I think I was eight years old when I made the decision to become a writer…however, I had some other career aspirations in case that writing thing didn’t work out:
1. Mother of Twenty Children. When I was a kid, I was fascinated by large families…I think I saw the movie “Cheaper by the Dozen” (the original, not the lame remake!). Being eight years old and not aware of the facts of life, I thought you could just decide to have twins or triplets, and get them! If that didn’t work out, I would adopt them! Of course, I was blissfully ignorant of the fact that children didn’t just take care of themselves…I just wanted the fun of naming them! Isn’t that the important part of parenting? Looking back on the last 24 years, I’m really glad I only ended up with three kids and two stepkids!
2. An Elementary School Teacher. I had a really good first grade teacher named Mrs. Lannan. I wanted to be just like her! I visualized myself at the front of the class talking to the children as they hung on my every word. In reality, my teaching career would probably have lasted two days max, and ended with me being committed to a “quiet place” to calm down (picture a scene from “One Flew Over the Cuckoo’s Nest”).
3. A Doctor. When I was nine, I decided to become a doctor. I was smart, and they made good money! What I didn’t consider is that I sucked at science (I couldn’t care less about how things worked), and wasn’t really excited about the gross things I would have to do as a physician. I choke under pressure. I also need a lot of sleep, so would never be able to work the shifts doctors do…
4. A Singer in a Family Band. We used to live next door to a family band called “The Singing Post Family.” Their lives looked really glamourous to me. I thought it would be a great idea for my brother and I, and our neighbours, Jimmy and Dougie, to form our own band. What stopped us was that I was the only one who could sing or play an instrument, and that I was pretty much the only one who wanted to do it! We also didn’t have the money to buy speakers and microphones and other stuff we would need. Plus, it’s tough to find sequined outfits in Prince Edward County!
5. A Hockey Player. Growing up with boys, I did what they did. We played floor hockey in our enclosed front porch. I thought it would be neat to be a hockey player! Again, finances stopped me…new hockey pads would set my parents back more than $100…it just wasn’t in the budget. The fact that my skating was wobbly and slow probably didn’t help either!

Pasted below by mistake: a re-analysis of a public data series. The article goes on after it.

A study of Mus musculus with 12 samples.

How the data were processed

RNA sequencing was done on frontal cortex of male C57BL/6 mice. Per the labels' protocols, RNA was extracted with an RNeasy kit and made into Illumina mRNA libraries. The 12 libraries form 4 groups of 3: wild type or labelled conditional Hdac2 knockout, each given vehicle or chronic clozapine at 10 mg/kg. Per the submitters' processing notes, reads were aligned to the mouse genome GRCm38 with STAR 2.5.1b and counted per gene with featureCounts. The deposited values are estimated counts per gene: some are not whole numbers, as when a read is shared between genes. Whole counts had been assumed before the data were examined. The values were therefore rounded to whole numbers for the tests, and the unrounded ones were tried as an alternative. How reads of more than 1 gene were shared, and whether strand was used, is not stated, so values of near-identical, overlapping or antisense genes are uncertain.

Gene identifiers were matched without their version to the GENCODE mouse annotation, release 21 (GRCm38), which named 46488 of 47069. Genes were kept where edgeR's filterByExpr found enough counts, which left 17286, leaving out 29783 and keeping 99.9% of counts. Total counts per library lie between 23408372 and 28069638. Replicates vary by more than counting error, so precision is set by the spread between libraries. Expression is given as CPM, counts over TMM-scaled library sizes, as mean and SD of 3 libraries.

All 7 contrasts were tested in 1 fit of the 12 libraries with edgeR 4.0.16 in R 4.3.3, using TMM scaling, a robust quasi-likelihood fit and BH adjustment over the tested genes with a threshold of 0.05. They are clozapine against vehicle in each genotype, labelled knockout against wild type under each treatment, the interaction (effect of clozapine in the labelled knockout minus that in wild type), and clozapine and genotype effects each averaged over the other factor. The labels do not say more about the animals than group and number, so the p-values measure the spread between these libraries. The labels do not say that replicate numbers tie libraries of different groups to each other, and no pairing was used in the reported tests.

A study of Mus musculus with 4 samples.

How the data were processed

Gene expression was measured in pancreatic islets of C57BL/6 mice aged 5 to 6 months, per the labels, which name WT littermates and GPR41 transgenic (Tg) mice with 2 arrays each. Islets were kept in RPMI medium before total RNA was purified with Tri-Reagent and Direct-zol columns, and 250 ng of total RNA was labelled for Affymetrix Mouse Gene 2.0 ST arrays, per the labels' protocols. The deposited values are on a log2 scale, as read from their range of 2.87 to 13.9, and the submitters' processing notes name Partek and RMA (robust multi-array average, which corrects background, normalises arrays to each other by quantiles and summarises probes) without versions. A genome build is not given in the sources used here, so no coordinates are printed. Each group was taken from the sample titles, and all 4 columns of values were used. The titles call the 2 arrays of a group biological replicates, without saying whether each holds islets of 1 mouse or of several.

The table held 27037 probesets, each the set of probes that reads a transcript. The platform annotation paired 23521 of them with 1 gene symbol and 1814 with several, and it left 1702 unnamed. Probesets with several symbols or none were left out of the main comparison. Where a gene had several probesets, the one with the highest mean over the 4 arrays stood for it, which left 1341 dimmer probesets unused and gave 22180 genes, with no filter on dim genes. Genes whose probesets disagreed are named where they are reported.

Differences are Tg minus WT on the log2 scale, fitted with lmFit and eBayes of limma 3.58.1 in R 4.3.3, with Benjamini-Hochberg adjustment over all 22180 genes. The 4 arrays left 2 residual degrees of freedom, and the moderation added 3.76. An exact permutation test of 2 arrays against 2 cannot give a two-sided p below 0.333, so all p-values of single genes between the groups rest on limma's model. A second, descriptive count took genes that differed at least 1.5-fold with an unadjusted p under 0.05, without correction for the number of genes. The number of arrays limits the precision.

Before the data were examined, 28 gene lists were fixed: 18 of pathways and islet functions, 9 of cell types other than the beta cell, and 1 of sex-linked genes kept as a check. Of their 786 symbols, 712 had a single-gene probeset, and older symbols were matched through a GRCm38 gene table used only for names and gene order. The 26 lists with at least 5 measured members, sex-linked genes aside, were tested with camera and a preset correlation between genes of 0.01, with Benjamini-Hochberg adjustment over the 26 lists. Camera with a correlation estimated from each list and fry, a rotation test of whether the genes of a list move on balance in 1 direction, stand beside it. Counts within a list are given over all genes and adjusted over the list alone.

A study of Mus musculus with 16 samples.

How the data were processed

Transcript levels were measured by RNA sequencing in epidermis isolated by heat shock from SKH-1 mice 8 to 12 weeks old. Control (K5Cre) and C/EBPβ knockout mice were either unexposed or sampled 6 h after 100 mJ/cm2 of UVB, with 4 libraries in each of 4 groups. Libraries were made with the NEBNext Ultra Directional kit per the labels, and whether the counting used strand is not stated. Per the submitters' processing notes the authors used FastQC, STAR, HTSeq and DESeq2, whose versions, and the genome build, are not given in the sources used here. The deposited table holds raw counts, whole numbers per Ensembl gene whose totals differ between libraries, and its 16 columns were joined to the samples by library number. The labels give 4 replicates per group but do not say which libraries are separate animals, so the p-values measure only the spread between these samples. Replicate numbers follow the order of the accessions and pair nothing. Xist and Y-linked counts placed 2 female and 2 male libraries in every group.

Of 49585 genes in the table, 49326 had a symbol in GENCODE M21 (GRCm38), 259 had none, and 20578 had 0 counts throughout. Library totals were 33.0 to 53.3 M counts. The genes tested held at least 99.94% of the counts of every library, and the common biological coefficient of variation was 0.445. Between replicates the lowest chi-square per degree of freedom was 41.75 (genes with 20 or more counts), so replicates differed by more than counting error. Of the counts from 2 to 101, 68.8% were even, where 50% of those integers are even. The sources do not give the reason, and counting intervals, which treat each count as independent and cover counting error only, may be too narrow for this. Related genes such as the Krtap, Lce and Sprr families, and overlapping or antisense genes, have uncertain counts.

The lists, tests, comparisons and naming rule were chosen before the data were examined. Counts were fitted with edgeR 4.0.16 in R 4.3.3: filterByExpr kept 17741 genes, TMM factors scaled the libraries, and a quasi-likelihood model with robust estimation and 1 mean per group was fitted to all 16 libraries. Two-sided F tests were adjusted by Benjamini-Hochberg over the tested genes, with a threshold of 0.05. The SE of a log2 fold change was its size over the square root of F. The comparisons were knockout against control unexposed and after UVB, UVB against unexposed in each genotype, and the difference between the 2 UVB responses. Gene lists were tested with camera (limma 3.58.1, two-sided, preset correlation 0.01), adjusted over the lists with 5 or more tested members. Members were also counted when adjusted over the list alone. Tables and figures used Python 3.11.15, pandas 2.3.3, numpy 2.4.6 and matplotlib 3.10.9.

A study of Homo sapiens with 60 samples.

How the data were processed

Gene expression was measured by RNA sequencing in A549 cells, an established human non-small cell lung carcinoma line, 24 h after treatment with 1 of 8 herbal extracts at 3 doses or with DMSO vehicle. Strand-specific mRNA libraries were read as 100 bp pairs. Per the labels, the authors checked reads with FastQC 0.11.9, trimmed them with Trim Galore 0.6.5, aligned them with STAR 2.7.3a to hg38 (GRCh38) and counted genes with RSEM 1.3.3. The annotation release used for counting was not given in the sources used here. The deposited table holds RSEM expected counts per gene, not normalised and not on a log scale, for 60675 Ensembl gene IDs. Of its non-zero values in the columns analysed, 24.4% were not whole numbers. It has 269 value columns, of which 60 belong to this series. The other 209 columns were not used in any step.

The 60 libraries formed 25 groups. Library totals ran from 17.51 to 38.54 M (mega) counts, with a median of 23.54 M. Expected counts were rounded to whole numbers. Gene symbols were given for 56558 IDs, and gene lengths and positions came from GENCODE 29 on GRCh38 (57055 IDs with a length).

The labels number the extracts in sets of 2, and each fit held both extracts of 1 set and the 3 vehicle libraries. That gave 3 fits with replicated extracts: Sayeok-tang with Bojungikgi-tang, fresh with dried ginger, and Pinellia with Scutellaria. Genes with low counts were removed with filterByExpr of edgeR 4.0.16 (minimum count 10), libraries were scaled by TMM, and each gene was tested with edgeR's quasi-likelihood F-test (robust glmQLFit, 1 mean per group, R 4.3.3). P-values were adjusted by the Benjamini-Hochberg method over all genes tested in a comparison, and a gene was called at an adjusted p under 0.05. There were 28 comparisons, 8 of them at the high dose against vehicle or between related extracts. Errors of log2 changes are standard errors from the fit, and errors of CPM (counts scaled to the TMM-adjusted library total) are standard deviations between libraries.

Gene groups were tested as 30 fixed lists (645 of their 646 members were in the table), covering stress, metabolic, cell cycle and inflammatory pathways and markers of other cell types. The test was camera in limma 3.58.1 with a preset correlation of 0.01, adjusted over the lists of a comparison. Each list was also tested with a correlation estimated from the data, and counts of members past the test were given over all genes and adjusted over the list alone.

6. A Crochet Designer. I learned to crochet when I was ten years old. I loved it, and would often design my own patterns. As a teenager, I dreamed about becoming a crochet designer. We got the Toronto Star, and I devoured the Saturday Fashion section, thinking how cool it would be to sell a crocheted sweater for $900! I designed a line of baby booties, and designed and crocheted my own wedding dress, but never went into the fashion business. That’s probably a fortunate thing, as I don’t have the personality for it, and I’d be even poorer than I am now!
7. A Genealogical Researcher. My other passion as a teen was genealogy. I am fortunate that many of my relatives have already assembled family trees for many of our family lines. I busied myself with attempting to update my dad’s paternal line. I sent letters to family members asking them to send me their personal details. Since I was working from addresses that were about ten years old in some cases, many of my letters were returned. I also soon came to the realization that even updating my own branch of the family could be a logistical nightmare, with all the marriages, divorces, remarriages, births, and deaths, that had occurred since the original family tree was compiled. Maybe I’ll get back to it later…I still love research of any kind! If somebody would pay me to sit in the National Archives all day, I’d so be there!
I guess it’s a good thing I became a writer/bookstore owner after all…I’m very much the “starving artist,” but wouldn’t trade what I do now for any other career!